Developing an annual budget is one of the most critical aspects of business planning, but it often gets overlooked. Yet, budget planning is an essential task that many small to mid-size businesses tend to forget. So, why is it so important? Primarily because it prepares your company to answer critical financial questions and determine what the next 12 months will look like.
You’ll want to address questions like:
What are you projecting sales to be next year?
Are you expecting margins to improve next year?
Do you plan to hire additional employees?
Will you have any significant capital expenditures soon?
Every business should have the answers to these questions to be able to plan the annual operating budget accordingly.
If you are overwhelmed by 2022 budgeting planning, don’t have a CFO, or don’t know where to begin below are some tips to help you get started:
1.REVIEW WITH All Departments
Your annual budgeting process should be completed behind closed doors by only one member of the team. Instead, all departments within the company should be a part of the conversation, providing feedback, insights, and expectations for the new fiscal year.
But, who should contribute to the conversation?
It's important to incorporate feedback from each department as your results are much more likely to be accurate. Many times companies complete their annual budget process by estimating an overall percentage increase over the prior year's invoice this can be avoided by discussing actuals with projections with the entire company.
2.Estimate Your Revenue
Expected sales significantly influence costs, including employee headcount, but it can be very challenging to make projections accurately. Here are some ways to come up with the best estimate:
Consider your recent monthly growth rate and decide if it can be continued.
Review competitor financial information, if available.
Communicate with your current customers to better understand their expected needs of your product or service.
Discuss your expected sales with your sales team and set expectations to help determine compensation for this team.
Once the expected revenue figures are estimated, your focus can shift towards expenses. Here are some things to consider:
Some expenses relate directly to revenue, whether its inventory of employee services. Usually, the business's gross margin does not fluctuate substantially unless new products are developed, pricing changes or efficiencies in the manufacturing process are identified.
Fixed expenses such as rent, insurance, leases, and other services purchased are easier to estimate. However, they should be reviewed, especially insurance rates, as different coverages could be more advantageous.
Employee compensation should always be established with revenues and related growth in the upcoming year. Many companies believe that all employees require an annual raise in salary, but if the results show a contraction in business, this may not be reasonable. Consider other aspects of compensation that relate to the growth of the company.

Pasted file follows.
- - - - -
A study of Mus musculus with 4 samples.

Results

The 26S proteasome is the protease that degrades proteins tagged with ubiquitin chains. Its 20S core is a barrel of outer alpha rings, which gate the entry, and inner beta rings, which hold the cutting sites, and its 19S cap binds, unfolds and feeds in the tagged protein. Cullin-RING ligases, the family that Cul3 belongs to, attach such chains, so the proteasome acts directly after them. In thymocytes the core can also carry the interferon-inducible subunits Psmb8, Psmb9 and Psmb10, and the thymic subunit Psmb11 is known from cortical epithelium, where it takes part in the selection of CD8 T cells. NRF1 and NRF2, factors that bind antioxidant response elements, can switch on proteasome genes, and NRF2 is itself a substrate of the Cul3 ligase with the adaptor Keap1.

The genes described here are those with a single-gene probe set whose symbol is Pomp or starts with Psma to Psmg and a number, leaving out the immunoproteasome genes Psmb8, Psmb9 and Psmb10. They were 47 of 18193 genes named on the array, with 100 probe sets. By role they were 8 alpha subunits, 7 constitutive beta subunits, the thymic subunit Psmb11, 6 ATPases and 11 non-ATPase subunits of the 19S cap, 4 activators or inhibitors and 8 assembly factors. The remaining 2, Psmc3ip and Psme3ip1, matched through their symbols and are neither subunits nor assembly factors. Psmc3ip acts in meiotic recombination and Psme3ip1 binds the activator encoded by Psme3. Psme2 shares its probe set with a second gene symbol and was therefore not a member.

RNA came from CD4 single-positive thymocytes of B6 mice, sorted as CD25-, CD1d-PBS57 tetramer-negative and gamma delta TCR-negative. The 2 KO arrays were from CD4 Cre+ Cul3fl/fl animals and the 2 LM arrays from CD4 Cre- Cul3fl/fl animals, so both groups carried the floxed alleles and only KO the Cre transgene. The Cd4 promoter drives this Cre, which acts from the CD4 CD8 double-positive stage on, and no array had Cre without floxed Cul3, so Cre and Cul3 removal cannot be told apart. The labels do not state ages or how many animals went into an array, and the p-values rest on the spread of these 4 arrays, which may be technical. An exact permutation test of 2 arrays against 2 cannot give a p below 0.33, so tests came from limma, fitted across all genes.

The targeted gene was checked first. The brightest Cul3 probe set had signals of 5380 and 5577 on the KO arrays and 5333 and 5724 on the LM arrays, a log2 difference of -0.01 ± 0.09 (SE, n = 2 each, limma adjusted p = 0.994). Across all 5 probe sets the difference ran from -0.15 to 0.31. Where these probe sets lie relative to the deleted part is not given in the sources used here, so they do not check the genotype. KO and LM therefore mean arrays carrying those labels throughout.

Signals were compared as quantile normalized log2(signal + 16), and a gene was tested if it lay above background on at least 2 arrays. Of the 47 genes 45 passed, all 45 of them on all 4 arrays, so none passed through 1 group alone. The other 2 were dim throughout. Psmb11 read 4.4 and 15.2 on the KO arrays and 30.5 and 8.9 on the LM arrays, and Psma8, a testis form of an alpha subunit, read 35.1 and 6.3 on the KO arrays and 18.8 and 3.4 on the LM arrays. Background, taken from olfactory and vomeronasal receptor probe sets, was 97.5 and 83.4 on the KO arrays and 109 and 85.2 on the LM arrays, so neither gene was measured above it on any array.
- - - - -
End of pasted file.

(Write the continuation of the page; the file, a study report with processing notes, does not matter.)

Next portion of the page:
Estimating employee headcount is another critical aspect of the budgeting process. Again, it's essential to identify when you will hire, how long the hiring process will take, and what experience level would optimize the operations.
4.Identify Capital Expenditures
Often not considered in the budgeting process are large or expensive purchases that are vital to the business's continued success. These may include new computers, systems, equipment, vehicles, furniture, etc. Remember, new employees will likely require a certain amount of capital expenditure.
Equipment investments that are directly related to your product or service should always be considered. For example, will you need to purchase new materials in the upcoming year? Is there old equipment that you need to update? Avoiding these investments can impact the delivery of your product, which can affect your revenue, so it is better to bite the bullet and take care of these issues now.
5.Calculate Cash Flow
While putting together a projected income statement feels fantastic, its just as important to calculate your expected cash flow. Your company may pay bills faster than others. You may need to purchase significant inventory in advance of sales. In these cases, a cash flow statement should be created using the income statement as well as AR/AP reports.
Businesses should begin the annual budgeting process by October to allow sufficient time for revisions and approval before the year ends. However, the annual budget should be monitored and updated on an ongoing basis.
Very few business owners you meet love budgeting, finances, and spreadsheets; that's not the reason they started a business. But budgeting is a part of life when you own a business. So preparing your annual budget and efficiently implementing it will make your job as a business owner a little bit easier.